No, I’m not referring to the Rage Against The Machine song. I’m talking about something much more exciting: commercial testimonials and endorsements! Have you ever watched commercials containing celebrity endorsements or customer testimonials and wondered where the line is for the things they say? For example, when you see an absolutely atrocious commercial for something called the Cookie Diet showcasing weight loss of over one-hundred pounds, do you ask, “How can they say that?”
Well, friends, for your informational pleasure (and for my semi-random rambling), I present you with the Federal Trade Commission’s Guides Concerning The Use Of Endorsements And Testimonials In Advertising. Once you get past the initially dry Purposes and Definitions section, the examples themselves are actually quite informative.
One of my favorite guides is the one found at section 255.1(c) – the requirement that an endorser of a product be an actual bona fide user of the product. Sounds simple enough, right? Well, who can forget, “Let’s just say, it works for me,” Rafael Palmeiro, who subsequently denied having the particular malady which would have required Viagra. Then there’s Jimmy Johnson’s bizarre marriage to ExtenZe. Really, Jimmy? “Go Long With ExtenZe, I Do?” Seems to me, certain celebrity endorsers might not be paying attention to rules or they’d be even less likely to run out and endorse some products.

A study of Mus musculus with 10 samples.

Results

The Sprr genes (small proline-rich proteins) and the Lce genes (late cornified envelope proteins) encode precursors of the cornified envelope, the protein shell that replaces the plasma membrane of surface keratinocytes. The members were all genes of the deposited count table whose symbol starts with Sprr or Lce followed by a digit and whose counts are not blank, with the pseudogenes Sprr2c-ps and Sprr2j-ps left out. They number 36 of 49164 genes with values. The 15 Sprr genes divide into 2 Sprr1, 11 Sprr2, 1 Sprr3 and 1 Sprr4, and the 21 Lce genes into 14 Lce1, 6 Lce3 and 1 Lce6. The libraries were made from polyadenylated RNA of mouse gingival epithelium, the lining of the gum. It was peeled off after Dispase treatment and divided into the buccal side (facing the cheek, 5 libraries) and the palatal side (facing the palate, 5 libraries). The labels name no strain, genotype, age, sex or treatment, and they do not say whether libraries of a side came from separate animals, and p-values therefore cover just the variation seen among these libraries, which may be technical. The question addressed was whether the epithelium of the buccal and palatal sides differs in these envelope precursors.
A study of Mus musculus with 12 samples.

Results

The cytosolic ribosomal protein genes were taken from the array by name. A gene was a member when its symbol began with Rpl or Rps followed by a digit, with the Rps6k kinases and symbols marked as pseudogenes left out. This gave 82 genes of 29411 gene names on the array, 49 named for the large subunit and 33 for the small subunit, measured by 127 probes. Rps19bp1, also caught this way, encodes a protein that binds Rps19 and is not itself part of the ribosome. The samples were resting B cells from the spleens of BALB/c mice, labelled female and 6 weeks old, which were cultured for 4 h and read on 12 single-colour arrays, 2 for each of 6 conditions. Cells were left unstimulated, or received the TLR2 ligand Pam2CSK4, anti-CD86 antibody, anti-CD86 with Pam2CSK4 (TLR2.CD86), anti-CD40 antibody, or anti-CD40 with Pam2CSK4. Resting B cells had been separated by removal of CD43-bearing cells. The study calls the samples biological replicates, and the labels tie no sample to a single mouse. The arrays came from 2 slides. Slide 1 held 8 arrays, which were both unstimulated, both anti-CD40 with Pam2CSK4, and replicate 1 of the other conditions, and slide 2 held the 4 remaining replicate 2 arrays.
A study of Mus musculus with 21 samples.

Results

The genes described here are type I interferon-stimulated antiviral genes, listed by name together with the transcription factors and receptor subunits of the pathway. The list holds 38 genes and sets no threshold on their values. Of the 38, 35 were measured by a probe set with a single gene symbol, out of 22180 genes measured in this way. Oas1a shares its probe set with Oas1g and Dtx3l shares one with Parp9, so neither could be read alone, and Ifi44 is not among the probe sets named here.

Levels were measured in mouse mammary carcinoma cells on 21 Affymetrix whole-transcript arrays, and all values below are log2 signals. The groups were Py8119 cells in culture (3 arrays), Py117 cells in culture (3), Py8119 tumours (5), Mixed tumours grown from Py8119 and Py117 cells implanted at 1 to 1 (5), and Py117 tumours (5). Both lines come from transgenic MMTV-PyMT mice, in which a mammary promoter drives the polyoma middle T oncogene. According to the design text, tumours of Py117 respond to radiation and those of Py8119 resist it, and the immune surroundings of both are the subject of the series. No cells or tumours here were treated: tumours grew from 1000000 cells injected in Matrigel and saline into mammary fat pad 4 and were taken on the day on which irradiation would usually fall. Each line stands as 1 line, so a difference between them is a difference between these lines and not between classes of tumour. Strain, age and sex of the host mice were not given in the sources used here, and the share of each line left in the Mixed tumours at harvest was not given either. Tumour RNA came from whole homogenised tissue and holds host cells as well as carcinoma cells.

I also like Example 6 under section 255.2(c), the hidden camera actors example. Take this Pizza Hut commercial here and compare it to some kids’ junior high parody here. Despite the fact that Pizza Hut appeared to be displaying actual customers (unless they were blatantly violating the rules) at least some potential consumers believed they were being duped.
At the end of the day, even if you follow the rules, I don’t think endorsements and testimonials are a particularly effective means of advertisement. To me, paid advertisements always will feel less than honest. How do they feel to you?